The effects of vitamin D supplementation on proatherogenic inflammatory markers and carotid intima media thickness in subjects with metabolic syndrome: a randomized double-blind placebo-controlled clinical trial
This randomized double blind clinical trial was conducted in Tabriz, Iran. Eligible subjects (n = 80) with metabolic syndrome were recruited thorough advertisement and randomized to receive either vitamin D (50,000 IU/week) or matching placebo for 16 weeks. Interlukin-6, high sensitivity C-reactive protein, vascular cell adhesion molecule-1, E-selectin, and common carotid intima media thickness were measured at the beginning and end of the study. The study was registered at http://www.irct.ir (code: IRCT201409033140N14).
Sixteen weeks supplementation with vitamin D increased median of serum 25-hydroxy vitamin D [25(OH)D] and mean calcium levels (p < 0.001) in the intervention group. There was also a significant difference in parathyroid hormone level at the end of the study (p < 0.001). Vitamin D treatment reduced IL-6 level after 16 weeks (p = 0.027). Compared to baseline, vascular cell adhesion molecule-1 and E-selectin levels decreased significantly in vitamin D treated subjects; however, there were no significant differences between two groups. No effect of vitamin D supplementation was observed in either common carotid intima media thickness or high sensitivity C-reactive protein concentrations at the end of the study (p > 0.05).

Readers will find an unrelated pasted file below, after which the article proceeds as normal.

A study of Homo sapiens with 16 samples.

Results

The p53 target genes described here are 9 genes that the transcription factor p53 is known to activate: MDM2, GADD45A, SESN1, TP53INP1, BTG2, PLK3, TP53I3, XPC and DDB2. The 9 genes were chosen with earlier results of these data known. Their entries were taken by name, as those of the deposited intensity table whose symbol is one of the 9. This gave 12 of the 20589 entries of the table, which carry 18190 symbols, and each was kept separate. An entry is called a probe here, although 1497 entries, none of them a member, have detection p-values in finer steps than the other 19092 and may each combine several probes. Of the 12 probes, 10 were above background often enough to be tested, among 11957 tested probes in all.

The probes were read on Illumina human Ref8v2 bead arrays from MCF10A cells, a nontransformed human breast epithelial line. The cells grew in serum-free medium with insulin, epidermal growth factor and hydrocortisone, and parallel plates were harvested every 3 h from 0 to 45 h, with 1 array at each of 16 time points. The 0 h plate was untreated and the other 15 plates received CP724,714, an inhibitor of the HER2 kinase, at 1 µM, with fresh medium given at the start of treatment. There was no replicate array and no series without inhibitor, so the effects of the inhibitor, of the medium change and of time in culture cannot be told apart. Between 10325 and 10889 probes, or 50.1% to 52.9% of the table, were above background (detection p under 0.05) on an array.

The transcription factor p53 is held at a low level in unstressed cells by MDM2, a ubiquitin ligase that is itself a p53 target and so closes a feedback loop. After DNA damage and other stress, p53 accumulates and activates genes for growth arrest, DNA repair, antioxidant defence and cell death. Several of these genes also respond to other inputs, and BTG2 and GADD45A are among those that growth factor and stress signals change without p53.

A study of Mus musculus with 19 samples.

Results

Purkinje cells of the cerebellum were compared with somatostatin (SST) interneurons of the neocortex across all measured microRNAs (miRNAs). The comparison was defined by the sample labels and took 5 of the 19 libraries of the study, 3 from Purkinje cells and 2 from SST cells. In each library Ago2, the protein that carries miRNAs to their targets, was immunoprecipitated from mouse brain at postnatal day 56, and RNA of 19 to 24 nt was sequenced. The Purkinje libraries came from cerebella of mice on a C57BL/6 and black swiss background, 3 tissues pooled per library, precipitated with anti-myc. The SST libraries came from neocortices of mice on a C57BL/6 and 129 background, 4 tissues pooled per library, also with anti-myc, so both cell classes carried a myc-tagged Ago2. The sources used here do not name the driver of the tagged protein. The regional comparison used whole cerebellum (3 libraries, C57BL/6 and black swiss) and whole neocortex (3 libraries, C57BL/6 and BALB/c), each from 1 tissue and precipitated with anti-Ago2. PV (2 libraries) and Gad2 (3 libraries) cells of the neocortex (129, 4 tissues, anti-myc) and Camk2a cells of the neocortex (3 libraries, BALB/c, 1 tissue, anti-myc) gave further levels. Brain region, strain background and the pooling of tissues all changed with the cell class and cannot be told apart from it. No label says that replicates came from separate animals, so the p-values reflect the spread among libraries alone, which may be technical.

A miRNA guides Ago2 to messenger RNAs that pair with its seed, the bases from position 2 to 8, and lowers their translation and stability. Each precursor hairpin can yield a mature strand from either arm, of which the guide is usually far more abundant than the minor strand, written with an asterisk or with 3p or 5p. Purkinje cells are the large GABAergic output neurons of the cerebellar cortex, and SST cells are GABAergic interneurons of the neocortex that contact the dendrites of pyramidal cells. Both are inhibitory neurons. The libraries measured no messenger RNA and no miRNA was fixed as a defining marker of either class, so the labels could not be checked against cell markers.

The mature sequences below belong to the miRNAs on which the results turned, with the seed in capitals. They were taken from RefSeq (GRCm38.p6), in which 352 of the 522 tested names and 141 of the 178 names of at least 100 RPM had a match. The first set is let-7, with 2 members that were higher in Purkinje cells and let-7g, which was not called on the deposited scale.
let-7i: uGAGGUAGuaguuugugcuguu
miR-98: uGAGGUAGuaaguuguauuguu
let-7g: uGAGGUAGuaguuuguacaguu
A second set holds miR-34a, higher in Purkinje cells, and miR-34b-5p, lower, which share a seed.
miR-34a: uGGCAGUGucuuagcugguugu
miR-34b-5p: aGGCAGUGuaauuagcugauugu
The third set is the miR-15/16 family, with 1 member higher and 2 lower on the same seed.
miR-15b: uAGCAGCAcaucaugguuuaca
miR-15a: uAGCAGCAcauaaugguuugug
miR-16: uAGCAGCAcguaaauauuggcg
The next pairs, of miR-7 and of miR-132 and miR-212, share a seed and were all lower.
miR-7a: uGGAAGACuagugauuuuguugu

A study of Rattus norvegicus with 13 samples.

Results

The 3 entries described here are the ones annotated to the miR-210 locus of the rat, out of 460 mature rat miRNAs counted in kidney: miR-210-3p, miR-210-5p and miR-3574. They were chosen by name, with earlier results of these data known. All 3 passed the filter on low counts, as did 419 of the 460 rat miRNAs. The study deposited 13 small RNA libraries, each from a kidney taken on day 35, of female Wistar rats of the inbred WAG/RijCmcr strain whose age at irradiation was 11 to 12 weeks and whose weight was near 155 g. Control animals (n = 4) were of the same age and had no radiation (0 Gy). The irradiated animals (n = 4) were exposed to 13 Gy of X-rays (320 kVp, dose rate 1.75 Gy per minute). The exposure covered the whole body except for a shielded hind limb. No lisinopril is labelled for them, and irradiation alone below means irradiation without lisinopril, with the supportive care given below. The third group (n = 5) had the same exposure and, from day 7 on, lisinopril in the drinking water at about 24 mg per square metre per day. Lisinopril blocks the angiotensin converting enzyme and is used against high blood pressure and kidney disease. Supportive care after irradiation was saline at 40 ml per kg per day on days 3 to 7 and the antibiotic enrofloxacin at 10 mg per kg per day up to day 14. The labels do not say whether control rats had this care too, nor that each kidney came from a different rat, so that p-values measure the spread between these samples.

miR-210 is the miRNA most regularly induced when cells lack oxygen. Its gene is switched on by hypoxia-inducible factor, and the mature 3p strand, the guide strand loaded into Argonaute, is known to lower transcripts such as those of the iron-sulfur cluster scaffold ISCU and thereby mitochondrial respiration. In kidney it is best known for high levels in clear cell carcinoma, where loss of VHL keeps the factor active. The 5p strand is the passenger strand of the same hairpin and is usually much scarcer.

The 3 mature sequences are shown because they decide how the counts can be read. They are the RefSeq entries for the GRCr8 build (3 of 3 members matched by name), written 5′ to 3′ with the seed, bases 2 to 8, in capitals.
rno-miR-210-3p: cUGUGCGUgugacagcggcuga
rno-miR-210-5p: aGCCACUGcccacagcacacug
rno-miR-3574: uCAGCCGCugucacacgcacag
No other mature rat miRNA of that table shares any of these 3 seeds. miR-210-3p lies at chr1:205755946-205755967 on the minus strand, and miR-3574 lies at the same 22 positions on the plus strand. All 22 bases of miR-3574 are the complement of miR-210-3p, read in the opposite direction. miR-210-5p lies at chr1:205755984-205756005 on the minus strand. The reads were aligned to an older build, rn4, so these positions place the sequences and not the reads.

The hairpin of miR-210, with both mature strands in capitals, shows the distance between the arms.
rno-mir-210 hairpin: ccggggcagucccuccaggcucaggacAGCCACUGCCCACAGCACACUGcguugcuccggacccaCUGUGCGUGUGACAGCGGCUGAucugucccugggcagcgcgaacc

Vitamin D supplementation improved some proatherogenic inflammatory markers in subjects with metabolic syndrome. No changes of high sensitivity C-reactive protein and carotid intima media thickness were shown after 16 weeks.
KeywordsVitamin D Metabolic syndrome Inflammation Adhesion molecules
This study was funded by the Research Vice Chancellor, Tabriz University of Medical Sciences (Tabriz, Iran); Grant Number (5/71/1353). The results of this article are derived from the Ph.D. thesis of Shabnam Salekzamani (No. D/36) registered in the Tabriz University of Medical Sciences, Tabriz, Iran. The authors thank the staff of Nutrition Research center for their kindly cooperation in this study. The authors express gratitude to Dr. Navid Heydari for refining the manuscript language. The authors also appreciate all the patients for their participation in this research.
Compliance with ethical standards
Conflict of interest
authors declare that they have no competing interests.
All procedures performed in studies involving human participants were in accordance with the ethical standards of the institutional and/or national research committee and with the 1964 Helsinki declaration and its later amendments or comparable ethical standards.